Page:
A senior Egyptian general admitted that "virginity checks" were performed on some women arrested in Cairo on March 9, after earlier denials by military authorities, CNN reported Tuesday.

Questions about the practice of checking women to see if they were virgins arose when Amnesty International published a report on March 23 saying that female demonstrators arrested during a protest on March 9 had been beaten, subjected to electric shocks, strip searched and forced to submit to virginity checks. At the time the report was published, Egyptian Maj. Amr Imam said that 17 women had been arrested, but denied the allegations of torture and virginity checks.

On Monday, an Egyptian general who asked not to be identified told CNN that the virginity tests had indeed been performed, and defended the actions:

"The girls who were detained were not like your daughter or mine," the general said. "These were girls who had camped out in tents with male protesters in Tahrir Square, and we found in the tents Molotov cocktails and (drugs)."

He said the tests were conducted so that the women would not be able to claim that they had been sexually abused while in custody.

Amnesty International condemned the general's comments on Tuesday and called for an investigation.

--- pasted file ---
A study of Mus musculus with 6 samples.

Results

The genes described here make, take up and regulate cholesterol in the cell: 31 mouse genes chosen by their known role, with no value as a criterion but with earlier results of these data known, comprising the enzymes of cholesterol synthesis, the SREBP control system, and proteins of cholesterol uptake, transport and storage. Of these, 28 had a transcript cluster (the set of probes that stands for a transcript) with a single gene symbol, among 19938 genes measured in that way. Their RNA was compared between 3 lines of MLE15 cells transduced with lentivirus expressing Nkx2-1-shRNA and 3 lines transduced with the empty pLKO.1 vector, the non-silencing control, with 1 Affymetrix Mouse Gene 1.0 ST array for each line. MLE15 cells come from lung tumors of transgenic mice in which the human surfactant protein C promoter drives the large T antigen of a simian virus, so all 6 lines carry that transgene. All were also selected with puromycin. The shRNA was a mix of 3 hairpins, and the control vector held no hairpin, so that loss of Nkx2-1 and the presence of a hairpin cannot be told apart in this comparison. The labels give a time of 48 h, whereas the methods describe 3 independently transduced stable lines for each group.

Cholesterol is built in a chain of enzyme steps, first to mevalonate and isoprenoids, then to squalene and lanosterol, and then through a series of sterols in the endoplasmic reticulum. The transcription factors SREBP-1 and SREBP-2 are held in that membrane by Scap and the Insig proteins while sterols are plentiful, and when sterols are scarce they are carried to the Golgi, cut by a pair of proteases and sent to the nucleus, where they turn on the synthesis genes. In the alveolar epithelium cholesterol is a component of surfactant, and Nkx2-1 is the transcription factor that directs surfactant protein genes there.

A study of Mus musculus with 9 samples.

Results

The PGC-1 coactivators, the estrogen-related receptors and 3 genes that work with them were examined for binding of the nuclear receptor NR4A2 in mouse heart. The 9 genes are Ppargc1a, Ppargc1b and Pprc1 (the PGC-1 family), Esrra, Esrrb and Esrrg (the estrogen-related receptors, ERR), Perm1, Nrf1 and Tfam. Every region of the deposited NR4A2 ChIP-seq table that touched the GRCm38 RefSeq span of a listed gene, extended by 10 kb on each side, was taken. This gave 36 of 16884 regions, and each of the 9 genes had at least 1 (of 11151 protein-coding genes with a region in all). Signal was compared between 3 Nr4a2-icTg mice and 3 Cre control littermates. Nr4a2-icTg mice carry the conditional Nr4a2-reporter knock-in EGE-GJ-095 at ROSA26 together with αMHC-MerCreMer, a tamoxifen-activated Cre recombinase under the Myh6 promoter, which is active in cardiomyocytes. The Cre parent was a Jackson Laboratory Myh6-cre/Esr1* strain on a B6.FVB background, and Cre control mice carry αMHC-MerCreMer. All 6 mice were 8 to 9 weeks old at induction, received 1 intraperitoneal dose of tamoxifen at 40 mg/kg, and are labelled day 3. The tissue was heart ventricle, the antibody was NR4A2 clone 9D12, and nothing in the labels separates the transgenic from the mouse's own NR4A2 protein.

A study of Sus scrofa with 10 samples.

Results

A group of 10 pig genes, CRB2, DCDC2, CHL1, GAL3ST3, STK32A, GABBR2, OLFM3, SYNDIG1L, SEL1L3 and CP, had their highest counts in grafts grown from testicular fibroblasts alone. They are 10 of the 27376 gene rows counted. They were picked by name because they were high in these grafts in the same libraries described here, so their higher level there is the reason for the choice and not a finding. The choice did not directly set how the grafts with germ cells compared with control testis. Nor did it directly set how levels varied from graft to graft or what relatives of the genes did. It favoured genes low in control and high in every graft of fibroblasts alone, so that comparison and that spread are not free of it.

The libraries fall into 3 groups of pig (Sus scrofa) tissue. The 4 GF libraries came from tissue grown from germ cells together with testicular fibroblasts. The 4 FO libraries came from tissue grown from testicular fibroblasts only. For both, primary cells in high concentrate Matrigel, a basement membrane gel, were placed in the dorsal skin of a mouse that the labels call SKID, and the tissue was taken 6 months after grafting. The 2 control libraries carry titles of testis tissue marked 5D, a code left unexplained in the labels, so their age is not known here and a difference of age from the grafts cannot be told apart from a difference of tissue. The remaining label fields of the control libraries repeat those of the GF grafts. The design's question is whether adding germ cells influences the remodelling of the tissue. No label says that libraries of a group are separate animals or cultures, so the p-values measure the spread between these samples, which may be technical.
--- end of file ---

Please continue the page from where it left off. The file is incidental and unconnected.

"This general's implication that only virgins can be victims of rape is a long-discredited sexist attitude and legal absurdity," the Amnesty International statement said.

Gen. Mamdouh Shaheen, a member of Egypt's Supreme Council of Armed Forces, said the "accusations that we did virginity tests are not acceptable. We denied it then and we deny it now."

Egyptian activists will hold an online protest on Wednesday to press the military leadership to investigate soldiers who abused pro-democracy demonstrators, including women who were detained and forced to take "virginity tests," the Guardian reported.

According to CBS News, on March 9, with the Egyptian uprising still celebrating its success in ousting former President Hosni Mubarak on Feb. 11, the military moved to clear Tahrir Square in Cairo of protesters, and at least 18 women were arrested in the security sweep.

Most of the women were brought to trial on March 11 and released two days later, some given a one-year suspended sentence, Amnesty International said in its March 23 report.

Salwa Hosseini, a 20-year-old hairdresser and one of the women named in the Amnesty International report, described to CNN how, on March 9, uniformed soldiers tied her near Tahrir Square, forced her to the ground and slapped her, then shocked her with a stun gun while calling her a prostitute, according to the Los Angeles Times. Hosseini said she was taken with other female prisoners to a military detention center in Heikstep and subjected to a "virginity test." Hosseini said her captors had threatened her with stun guns if she didn't comply.